Hudson Valley families struggle to find affordable housing

News 12 is highlighting the growing affordable housing crisis in the Hudson Valley and talking to two families who say they are living in motels because they can’t find a new place to live after their homes caught fire.

Blaise Gomez

Dec 5, 2022, 10:12 PM

Updated 497 days ago

Amanda Dominguez lost her apartment in Port Jervis in a fire a week before Thanksgiving. 
“My son has autism so he doesn’t really understand what’s happening,” said Dominguez. 
Since then, the 30-year-old single mom and her two kids having been living in a motel room that her job gave her. 
Dominquez says she’s looking for apartments but can’t find anything close to what she was paying for before around a thousand dollars a month.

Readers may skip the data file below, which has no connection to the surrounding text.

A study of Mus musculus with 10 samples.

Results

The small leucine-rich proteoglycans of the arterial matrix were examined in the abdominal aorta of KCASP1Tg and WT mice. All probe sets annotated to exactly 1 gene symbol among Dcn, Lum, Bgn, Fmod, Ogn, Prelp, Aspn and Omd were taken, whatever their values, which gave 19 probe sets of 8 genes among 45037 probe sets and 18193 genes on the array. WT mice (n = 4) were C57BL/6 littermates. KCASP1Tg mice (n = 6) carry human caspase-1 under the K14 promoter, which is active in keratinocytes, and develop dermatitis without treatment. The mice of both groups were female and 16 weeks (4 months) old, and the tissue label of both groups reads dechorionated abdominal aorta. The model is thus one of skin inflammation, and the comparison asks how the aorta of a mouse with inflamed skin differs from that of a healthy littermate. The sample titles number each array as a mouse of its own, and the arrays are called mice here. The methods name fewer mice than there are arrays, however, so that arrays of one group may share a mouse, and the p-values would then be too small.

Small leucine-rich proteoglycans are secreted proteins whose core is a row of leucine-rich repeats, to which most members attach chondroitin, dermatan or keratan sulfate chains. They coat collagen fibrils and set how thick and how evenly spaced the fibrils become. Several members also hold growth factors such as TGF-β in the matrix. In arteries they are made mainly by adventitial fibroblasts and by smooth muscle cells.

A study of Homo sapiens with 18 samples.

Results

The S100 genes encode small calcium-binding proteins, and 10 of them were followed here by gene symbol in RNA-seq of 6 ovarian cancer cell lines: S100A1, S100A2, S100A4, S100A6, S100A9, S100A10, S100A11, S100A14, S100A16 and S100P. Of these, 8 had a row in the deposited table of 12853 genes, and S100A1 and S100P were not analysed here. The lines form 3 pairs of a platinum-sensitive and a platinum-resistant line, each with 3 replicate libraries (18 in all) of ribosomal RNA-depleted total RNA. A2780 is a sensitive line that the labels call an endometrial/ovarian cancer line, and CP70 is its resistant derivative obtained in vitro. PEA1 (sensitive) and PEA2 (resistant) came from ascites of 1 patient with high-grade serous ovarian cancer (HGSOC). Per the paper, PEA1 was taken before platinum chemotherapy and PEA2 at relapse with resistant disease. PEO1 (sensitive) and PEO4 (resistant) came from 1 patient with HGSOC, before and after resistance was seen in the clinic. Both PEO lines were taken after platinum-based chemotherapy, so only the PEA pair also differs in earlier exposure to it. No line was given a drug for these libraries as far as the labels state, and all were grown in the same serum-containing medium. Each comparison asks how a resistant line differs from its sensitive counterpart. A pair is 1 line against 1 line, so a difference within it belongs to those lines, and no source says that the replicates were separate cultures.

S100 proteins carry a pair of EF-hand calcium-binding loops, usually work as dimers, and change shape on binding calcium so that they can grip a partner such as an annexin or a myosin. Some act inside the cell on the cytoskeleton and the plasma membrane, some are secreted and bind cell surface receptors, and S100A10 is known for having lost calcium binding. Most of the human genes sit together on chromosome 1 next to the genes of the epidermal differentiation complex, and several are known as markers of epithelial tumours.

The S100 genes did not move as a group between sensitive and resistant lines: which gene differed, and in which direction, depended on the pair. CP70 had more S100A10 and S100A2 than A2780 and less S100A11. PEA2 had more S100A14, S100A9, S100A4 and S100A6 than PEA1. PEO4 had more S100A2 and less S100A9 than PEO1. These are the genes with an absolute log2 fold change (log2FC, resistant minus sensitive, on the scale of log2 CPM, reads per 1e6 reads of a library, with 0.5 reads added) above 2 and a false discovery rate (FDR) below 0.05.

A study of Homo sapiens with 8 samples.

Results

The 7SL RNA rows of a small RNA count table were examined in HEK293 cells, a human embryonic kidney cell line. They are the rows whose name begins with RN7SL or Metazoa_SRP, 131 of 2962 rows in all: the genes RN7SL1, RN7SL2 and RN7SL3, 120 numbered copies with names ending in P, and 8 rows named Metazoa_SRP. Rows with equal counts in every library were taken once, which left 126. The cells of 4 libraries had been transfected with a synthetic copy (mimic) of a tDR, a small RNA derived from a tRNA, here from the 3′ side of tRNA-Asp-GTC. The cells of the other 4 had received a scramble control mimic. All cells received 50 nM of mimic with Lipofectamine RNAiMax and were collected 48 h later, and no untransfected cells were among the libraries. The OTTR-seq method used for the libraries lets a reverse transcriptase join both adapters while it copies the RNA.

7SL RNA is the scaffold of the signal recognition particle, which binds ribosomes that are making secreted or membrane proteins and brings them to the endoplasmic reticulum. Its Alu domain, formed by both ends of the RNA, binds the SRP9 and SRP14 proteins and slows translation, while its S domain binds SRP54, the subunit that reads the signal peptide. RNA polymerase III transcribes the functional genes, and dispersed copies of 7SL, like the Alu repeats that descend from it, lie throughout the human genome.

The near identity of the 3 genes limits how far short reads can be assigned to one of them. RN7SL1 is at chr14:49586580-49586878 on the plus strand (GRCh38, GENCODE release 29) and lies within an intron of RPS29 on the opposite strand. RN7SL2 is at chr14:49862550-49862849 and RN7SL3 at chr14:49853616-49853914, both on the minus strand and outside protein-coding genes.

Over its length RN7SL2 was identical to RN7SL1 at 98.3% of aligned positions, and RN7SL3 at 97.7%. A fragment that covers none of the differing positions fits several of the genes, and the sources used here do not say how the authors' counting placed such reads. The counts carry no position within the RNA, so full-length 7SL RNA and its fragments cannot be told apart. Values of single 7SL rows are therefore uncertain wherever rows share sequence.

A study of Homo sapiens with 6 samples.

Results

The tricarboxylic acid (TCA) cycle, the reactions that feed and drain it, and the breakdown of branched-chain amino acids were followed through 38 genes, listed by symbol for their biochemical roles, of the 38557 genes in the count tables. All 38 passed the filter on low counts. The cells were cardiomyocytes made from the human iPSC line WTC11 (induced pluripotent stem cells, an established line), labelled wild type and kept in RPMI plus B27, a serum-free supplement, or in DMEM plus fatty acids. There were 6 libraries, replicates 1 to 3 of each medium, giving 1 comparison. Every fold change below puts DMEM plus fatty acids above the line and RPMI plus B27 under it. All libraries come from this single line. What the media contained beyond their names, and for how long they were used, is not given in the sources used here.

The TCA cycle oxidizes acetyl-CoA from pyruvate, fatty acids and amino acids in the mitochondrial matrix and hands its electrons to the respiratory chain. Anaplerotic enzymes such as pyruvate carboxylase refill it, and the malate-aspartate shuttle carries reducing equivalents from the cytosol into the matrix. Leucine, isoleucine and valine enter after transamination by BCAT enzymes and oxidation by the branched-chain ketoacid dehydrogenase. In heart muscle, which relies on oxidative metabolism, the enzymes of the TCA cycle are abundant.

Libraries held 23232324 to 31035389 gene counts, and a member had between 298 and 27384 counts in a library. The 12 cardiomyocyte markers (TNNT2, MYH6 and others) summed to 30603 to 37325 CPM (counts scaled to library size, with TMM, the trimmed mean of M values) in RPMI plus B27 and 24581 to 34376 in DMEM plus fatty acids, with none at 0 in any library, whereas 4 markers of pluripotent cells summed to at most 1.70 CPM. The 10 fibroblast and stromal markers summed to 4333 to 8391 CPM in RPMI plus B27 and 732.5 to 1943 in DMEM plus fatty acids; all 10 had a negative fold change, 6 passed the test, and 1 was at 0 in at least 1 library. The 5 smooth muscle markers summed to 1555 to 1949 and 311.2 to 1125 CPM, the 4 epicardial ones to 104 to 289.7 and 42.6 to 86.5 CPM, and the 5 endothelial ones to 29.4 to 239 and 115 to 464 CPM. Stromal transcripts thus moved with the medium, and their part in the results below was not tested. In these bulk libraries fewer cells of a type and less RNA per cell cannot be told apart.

“Preferably a two bedroom since I have two kids but really anything is just out of range. Everything I’ve been finding is over $1,700 a month,” said Dominguez. 
Unfortunately, her story isn’t uncommon.  
“There’s nothing we can afford,” said Linda Williams. “There’s just nothing out there.” 
 Linda Williams lost her home in a fire last year.  
Her husband is a disabled Marine veteran who is wheelchair bound.  
The couple have 4 children and a grandchild on the way, and have been living for a year in a motel while trying to find a house in their price range for $2,200 dollars a month.  
“Everything is over $2,200,” said Williams. “I saw a three bedroom for $4,000. It’s unbelievable.” 
The nationwide affordable housing crisis is hitting renters hard in the Hudson Valley and experts say a record-breaking number of families can’t afford a place to call home. 
The National Low-Income Housing Coalition reports that almost 7 million more affordable housing units are needed nationwide. 
A representative for the organization tells News 12 the crisis got worse after pandemic housing resources expired and says more federal and state help is desperately needed.  
We reached out to the Orange County Department of Social Services for more information on local affordable housing and resources but haven’t heard back.